Thursday, October 9, 2014

The Art of Pain

Fiction, Suffering, and Cowardice

Pain makes people do strange things.

For me, that strange thing is writing.

Some of you may recall my bitter letter to Franz Kafka a few weeks back, in which I lamented about settling for fiction in order to avoid the merciless nature of nonfiction. From this, I imagine it would be easy to conclude that I am a disgruntled fiction writer who is dissatisfied with the genre I have chosen. But in spite of my natural, frustrated love for nonfiction, I must admit to you that I don't entirely hate fiction. I find it to have value on many levels. Sometimes, I believe, fiction can make us see reality more than reality itself can. Of course, here the literary criticism nerd in me immediately wants to delve into Viktor Shklovsky's concept of defamiliarization and the Aristotelian doctrines of art's moralizing potential, but I will spare you that unnecessary torment. For now, I will leave it at this: sometimes, we need fiction to make us look deeper at reality, and to wake us up to life's possibilities and purpose.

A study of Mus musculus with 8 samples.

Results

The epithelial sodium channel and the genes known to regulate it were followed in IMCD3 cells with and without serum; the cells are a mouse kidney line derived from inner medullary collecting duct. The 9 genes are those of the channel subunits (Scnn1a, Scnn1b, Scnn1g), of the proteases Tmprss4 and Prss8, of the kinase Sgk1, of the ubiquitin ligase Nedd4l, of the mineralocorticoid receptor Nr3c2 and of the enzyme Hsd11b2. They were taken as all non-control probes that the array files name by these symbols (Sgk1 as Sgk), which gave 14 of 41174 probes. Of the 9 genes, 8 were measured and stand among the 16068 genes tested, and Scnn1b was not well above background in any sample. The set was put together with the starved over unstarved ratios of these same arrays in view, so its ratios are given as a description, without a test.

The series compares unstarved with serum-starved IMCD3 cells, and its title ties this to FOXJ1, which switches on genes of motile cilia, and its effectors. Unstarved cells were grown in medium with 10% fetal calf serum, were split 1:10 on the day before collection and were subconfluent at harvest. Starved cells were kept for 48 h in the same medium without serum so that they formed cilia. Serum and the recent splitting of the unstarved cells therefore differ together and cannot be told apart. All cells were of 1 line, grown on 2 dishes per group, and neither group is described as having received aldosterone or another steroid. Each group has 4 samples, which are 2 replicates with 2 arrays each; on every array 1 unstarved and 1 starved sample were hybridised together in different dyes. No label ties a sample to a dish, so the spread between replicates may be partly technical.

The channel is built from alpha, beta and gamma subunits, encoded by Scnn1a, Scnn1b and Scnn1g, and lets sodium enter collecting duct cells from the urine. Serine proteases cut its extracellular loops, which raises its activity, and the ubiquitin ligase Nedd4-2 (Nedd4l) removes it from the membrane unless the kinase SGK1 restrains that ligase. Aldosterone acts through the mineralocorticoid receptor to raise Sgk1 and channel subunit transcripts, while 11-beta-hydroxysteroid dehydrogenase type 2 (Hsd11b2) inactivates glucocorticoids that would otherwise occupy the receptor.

But for me, fiction has always been a shield. It's been my way of dealing with pain, even small pain. I take struggles that I've encountered, or seen those close to me encounter, and give it to someone else -- a fictional character. Only, I exaggerate it. Distort it. In my sadistic little way, I make the protagonist suffer more than me. It's strangely, wonderfully satisfying.

But beyond this sadism, there is also a kind of masochism -- albeit, a cowardly kind. When I encounter hardship, some stupid, creative voice inside of me says, "Oh my gosh, this will make an amazing story." I can't help but to see the charm in suffering. I find myself inexplicably drawn to it, desiring to shape it into something breathtaking. But understand, please understand: this isn't courageously facing my pain. It's distancing myself from it. Because, once it's on paper, dressed up in lovely little words, it's not mine anymore.

I guess I consider myself luckier than most, because I've found something to do with my tragedies: I turn them into a story. I crumple and twist them and knot them into a bow, until I've created something awkwardly pretty. I'm lucky to have found writing, because I don't know if I could deal with tragedy any other way. I envy the bravery of those who don't have writing and have to deal with the reality of their hardships--

--I'm so cowardly, I have to fictionalize mine.